Interview for Worldcraze
The website Worldcraze (an interesting initiative: in short, travelers bring you, in your expat country, things that you can't find locally!) contacted me for an interview! Thanks to Worldcraze team for their interest in my experience in India!
Here is what I've prepared...
Introduce yourself quickly.
IndianSamourai, 31, expatriated in India since 2006.
What pushed you to settle down in another country?
I have traveled with my parents since I was a child but what especially convinced me was a semester in Spain with the Erasmus program.
After that experience, I started looking for a job in South America where most of my Erasmus friends lived!
Was it a choice, an obligation? Did you ever imagine yourself in your situation today?
It was a choice to leave; but the country (India) was kind of a default choice (since I had not found one in South America).
After landing in Delhi and crossing the city, in the middle of the night, I told myself that 8 months was going to be very long but I could do it! I would be home in no time… And here I am, 7 years later!
Has the language been a barrier for you?
A little bit but the English helps a lot.
Why this country, this city? What surprised you the most?
The chaos! I remember, at the beginning, I understood absolutely nothing to what was going on around me... I still get that feeling from time to time ;)
Do you have a special anecdote to tell us about your trip?
Right now I can’t think of any! But I have written lots of stories on my blog ;)
Have you ever had the opportunity to use a service of collaborative economy?
Yes! But it was just to help somebody (a reader of my blog). I bought a bike part for a KTM for a guy who lived in Corsica: http://www.indiandacoit.com/archive/2013/07/22/the-travel...
I'm also on Airbnb, but I have only hosted one person till now.
If yes, what did you especially like? If not, would you like to try and why?
The hand I gave for the bike thing turned out to be a real burden actually!
With Airbnb it went well. It is nice to meet new people traveling and it gives a descent earning, but it is also quite an investment in terms of time, to welcome someone...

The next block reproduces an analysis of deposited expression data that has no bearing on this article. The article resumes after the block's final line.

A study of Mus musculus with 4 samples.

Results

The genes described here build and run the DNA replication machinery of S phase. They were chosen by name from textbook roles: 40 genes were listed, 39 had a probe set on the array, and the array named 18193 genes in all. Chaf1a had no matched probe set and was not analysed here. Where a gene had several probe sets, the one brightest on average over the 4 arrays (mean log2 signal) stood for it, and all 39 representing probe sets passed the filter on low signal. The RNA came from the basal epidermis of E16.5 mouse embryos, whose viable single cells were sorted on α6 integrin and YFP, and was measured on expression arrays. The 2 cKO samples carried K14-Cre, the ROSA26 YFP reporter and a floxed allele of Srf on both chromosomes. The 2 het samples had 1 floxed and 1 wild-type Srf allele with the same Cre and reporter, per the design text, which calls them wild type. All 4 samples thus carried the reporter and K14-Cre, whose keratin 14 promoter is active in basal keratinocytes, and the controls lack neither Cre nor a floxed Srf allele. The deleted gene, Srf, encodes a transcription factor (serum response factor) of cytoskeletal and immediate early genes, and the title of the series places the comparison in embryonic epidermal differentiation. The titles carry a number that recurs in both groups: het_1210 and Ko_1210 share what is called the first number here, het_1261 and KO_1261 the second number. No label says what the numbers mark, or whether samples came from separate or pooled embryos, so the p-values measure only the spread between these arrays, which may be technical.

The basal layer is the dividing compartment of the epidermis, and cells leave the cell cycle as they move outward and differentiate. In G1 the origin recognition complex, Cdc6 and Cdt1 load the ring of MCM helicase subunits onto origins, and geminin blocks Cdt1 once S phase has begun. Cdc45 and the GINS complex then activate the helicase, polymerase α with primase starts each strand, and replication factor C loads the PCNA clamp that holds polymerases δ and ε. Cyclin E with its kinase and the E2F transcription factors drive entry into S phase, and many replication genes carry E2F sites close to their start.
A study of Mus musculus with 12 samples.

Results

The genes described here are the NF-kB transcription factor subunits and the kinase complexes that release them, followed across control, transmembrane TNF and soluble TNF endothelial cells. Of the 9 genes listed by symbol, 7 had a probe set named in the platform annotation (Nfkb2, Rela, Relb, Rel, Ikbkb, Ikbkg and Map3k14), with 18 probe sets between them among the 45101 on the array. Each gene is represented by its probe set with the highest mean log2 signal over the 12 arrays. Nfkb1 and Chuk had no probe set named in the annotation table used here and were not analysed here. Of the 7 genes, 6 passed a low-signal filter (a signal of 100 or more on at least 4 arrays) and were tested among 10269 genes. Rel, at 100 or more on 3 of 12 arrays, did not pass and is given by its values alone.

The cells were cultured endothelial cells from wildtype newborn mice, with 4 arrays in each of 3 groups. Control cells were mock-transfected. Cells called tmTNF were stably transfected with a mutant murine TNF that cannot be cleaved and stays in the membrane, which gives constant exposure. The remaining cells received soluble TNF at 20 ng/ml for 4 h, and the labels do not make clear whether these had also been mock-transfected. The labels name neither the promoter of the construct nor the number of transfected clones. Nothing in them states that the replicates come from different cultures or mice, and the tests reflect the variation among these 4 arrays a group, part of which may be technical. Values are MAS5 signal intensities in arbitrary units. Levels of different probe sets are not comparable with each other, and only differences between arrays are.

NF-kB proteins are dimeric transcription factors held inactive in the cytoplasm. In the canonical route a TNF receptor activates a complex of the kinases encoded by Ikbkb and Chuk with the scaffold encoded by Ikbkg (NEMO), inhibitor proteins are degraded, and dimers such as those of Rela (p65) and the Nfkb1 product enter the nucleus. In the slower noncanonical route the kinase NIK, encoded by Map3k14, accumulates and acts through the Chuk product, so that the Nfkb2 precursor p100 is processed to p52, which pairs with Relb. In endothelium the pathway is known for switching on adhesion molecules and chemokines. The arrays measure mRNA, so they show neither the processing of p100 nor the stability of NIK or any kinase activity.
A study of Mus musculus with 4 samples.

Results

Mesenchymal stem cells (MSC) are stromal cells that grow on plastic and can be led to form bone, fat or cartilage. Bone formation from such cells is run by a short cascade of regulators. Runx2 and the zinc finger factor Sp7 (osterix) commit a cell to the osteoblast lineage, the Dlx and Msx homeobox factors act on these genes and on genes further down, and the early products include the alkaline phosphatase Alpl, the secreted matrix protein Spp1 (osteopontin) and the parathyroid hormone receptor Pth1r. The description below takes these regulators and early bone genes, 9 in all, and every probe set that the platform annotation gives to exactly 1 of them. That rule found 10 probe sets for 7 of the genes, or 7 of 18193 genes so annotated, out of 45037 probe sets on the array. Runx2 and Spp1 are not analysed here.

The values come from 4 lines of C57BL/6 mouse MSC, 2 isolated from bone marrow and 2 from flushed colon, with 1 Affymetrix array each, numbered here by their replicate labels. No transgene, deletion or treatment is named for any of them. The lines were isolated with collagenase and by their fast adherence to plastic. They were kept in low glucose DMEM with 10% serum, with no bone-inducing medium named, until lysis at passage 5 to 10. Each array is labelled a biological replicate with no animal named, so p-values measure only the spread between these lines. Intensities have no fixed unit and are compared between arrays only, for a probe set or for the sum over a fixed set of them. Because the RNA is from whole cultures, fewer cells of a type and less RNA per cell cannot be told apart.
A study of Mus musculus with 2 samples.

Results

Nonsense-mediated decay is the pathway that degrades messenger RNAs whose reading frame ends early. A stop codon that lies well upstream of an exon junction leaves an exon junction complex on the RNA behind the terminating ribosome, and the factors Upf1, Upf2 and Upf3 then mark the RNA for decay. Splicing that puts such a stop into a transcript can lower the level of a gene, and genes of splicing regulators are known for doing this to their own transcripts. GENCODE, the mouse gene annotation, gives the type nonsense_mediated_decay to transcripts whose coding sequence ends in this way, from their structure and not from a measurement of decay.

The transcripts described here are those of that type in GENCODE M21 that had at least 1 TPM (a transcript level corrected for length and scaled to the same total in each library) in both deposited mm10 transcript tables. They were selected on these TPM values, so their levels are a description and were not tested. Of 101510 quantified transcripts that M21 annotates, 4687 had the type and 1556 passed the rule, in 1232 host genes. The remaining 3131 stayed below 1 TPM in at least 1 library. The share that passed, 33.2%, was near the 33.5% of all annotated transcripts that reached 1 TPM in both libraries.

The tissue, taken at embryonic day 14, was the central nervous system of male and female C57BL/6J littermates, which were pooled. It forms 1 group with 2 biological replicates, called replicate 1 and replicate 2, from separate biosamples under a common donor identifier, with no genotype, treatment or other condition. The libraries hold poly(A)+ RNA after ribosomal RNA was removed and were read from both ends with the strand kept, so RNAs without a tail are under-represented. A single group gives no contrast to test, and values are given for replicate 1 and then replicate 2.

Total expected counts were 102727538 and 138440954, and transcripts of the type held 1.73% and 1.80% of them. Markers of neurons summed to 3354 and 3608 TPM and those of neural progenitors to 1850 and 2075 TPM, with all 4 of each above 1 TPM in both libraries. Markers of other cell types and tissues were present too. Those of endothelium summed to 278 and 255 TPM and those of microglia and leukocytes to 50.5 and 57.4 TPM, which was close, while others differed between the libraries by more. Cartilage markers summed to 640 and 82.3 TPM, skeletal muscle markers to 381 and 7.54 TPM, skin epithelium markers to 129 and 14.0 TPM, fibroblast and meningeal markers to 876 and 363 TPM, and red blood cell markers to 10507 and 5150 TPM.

What products or specialties of your country of origin you missing?
At the beginning, I missed beef, cheese, and bread a lot. Now I can find it a bit but mostly I grew used to not have it – yet I still love it when my best friend arrives with 2 kilos of cheese and a huge loaf of bread!
More and more products are imported but they are expensive, because taxes (alcohol is taxed at more than 150% for example).
Sometimes I had to break my head to bring into India stuff like: a Greek breed cat, a laptop and a Fatboy from Paris, a Victoria's secret dress and pillows I had tested in a Best Western from the United States, racquetball balls purchased from a site in Singapore etc etc!
The difficulty with India is that most of the foreign online sites do not deliver here (because it is too much of a headache with customs and taxes)...
The other problem is that air companies limit the check-in luggage to 23 kg and it doesn’t leave a lot of space to bring extra stuff!
If you were leaving, what local products and specialties would you miss?
Since I am still in the process of getting used to spices and I'm not a fan of ultra-sweet pastries, I can remove a lot of Indian culinary specialties from the list!
In terms of products (shampoos etc.) I still tend to buy international brands so apart from a few Ayurvedic (traditional medicine) products I don’t see what I would miss...
I believe that I would rather miss things like individual services (maids, doctors etc.) that are easy to avail in India.
One (or two) last advice for future travelers?
Come with an open mind... Don't think you're going to change Indians – not only it is very pretentious but more importantly you’ll break your teeth and you’ll be the only one having a hard time!
Joke aside, be patient. Do not hesitate to ask for help to local people. Try to learn the language, even if you can very well manage with English. Take a cleaning lady, it makes life easier and she needs money to live. Travel as much as you can, it is a beautiful country (and incredibly diverse). Don’t have too many expectations, come as “virgin” as you can, let yourself be surprised and do not trust too much what other travelers may say.
And above all, be ready for a breathtaking experience!